I airbrush my 11-month-old baby daughter’s blemishes to turn her into a Instagram model – and she’ll wear make-up when she’s tw

Danielle Wall, 20, uses online editing apps to erase 11-month-old Isla’s ‘milk spots’, tiny white cysts called milia that are extremely common in babies.

But the mum, who has set up a personal Instagram account for her daughter which has more than 1,150 followers, said it was not a big deal.

Danielle, who spends hours carefully uploading snaps of her baby daughter for her fans, added little Isla loved posing for cheerful snaps in a variety of outfits.

The mum-of-one, from Andover, Hampshire, said: “I’ll take photos of her and edit them.

“I wouldn’t say I’m improving her appearance as such, just making her look more professional for companies.

She continued: “I’ve edited out milk spots, snot and redness but nothing major.

“I’ve not altered her appearance that much.”

Danielle, who has also put “sparkly” nail varnish on her daughter and intends to start putting makeup such as pink lipgloss and powder on her from next year, continued:  “A company will contact me or I will contact them asking if they want to collaborate.

“We support small businesses and in return they will send us free clothes such as dresses.

“We support them and they support us back but – in order for it to work – we need to provide the best possible pictures."

She continued: “She can’t be red and snotty in the pictures.

“She gets sent stuff from companies for free. She advertises the things. I put them online. I get big discounts on their clothes and free items.

“Then, if people say her name at the counter, they get 10 percent off.

“She’s starred in an advert for Alzheimer’s Society and she’s with a modelling agency.  I want her to be a model."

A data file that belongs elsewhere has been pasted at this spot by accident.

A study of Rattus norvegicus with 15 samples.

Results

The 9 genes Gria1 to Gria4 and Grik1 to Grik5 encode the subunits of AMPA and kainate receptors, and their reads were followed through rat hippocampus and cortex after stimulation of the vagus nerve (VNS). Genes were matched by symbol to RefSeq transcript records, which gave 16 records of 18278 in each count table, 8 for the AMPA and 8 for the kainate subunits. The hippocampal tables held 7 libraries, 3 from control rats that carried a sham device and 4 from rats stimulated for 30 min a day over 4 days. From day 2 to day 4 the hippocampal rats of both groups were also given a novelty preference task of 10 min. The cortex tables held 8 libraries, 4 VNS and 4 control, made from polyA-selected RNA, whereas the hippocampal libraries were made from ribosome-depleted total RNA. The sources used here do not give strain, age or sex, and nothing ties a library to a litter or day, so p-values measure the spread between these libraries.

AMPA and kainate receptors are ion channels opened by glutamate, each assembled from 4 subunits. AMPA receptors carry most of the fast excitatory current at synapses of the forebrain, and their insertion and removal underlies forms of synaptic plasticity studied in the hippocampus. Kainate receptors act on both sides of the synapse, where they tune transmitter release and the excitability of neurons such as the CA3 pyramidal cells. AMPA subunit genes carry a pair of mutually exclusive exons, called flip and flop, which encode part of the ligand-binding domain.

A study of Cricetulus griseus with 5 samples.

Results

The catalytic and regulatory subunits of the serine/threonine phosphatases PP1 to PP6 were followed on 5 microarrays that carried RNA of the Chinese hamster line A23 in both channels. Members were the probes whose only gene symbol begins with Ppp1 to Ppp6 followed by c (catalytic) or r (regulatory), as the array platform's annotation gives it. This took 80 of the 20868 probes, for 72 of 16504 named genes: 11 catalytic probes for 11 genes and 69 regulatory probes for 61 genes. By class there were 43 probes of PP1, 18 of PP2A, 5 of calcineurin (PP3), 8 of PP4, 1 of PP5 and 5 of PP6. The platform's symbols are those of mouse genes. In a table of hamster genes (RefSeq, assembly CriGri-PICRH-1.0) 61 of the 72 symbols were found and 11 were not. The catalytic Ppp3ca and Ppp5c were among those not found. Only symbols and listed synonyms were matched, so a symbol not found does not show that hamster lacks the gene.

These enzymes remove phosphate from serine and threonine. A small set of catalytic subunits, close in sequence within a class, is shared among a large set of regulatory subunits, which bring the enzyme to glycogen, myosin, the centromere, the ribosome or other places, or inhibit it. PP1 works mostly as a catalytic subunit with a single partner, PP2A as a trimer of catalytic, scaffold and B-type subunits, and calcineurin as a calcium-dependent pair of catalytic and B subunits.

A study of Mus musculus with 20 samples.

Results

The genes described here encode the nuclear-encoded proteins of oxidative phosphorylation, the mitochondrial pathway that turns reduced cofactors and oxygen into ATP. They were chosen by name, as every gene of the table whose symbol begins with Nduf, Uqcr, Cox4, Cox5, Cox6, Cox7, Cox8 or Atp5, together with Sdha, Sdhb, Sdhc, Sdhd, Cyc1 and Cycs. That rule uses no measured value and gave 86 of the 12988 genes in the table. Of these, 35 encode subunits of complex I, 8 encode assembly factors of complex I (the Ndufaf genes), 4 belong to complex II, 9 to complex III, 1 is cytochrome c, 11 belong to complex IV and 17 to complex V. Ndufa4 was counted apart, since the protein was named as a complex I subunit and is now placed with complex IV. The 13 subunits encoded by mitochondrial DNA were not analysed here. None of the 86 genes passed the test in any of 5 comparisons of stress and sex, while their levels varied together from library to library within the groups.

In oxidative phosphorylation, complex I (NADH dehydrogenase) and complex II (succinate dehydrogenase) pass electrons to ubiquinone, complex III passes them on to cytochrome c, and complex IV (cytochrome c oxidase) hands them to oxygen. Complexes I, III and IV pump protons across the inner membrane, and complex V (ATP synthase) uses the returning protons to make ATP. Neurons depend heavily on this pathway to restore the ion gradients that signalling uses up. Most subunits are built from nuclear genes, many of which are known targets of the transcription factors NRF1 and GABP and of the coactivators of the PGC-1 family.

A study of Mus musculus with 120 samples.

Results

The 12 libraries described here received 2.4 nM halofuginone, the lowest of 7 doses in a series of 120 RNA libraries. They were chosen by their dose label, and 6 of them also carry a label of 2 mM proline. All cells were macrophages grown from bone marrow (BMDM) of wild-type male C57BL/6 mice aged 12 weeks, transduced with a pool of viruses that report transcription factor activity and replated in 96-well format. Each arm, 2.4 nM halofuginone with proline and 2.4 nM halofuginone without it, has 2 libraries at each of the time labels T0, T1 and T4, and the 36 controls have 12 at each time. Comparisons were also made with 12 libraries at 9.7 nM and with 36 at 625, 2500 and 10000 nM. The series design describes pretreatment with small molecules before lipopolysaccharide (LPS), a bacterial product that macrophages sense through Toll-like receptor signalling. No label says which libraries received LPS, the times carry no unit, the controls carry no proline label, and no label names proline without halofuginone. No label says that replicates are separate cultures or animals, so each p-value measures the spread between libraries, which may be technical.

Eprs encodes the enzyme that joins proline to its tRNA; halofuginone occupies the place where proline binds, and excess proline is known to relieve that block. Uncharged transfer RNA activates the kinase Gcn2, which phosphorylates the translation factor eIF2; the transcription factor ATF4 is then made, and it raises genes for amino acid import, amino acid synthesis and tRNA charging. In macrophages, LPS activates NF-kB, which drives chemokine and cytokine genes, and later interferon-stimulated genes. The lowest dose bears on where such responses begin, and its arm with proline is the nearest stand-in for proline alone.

I’ve edited out milk spots, snot and redness but nothing major. I’ve not altered her appearance that much

“She is very photogenic. Removing her minor flaws is just like altering the lighting – it makes companies happy because the photographs looks professional, rather than as if they were taken on a mobile.”

Isla will turn one next month and in the next few years her mum intends to start giving her beauty treatments as “little treats.”

“So I might get her pedicured and manicures – what she is in to,” she said.

“She already enjoys having my foundation brush brushed over face. “I’ll probably put makeup on her when she is one to two. It’s harmless.”

Danielle, who works part-time Monday to Wednesday in a nursery while her dad looks after Isla, also enters her daughter in pageants.

She entered her into her first one at six months old, after learning about them from a friend who entered her child.

Thinking it might be something which would appeal to Isla she enquired about them on Facebook.

She said: “She did a ‘teeny one’. She had only just turned six months. She got ‘Queen’ in her division, that means she came second.

“She got ‘Most Beautiful’ as well. Most recently she scored higher. It’s given me a taste.

“She’s signed up for even more this year.”

But it doesn’t come cheap. Dresses cost around £200 each but can go up to £600 for older girls.

“It depends how much bling you put on them and how big you want on them,” her mum said. “Her dress has gems on the corset.

“I put little gems on her ears – like stick-on earrings.

“I paint her nails as well in a nice glittery colour. Just for a bit of sparkle.”

She knows some people will say she what she is doing is wrong, but has not had any obvious abuse.

“No one has objected to my face, but I am certain a lot of people think it,” she said.

“But she enjoys it. And if she wants to stop when she is old enough she can at any time. I would never force her into anything.”

This mum has spent £5k entering her daughter, 12, into beauty pageants – and has even set up a tanning booth in her kitchen to help her prepare for competitions.

A beauty therapist has opened Britain’s first spa for ‘stressed out’ toddlers.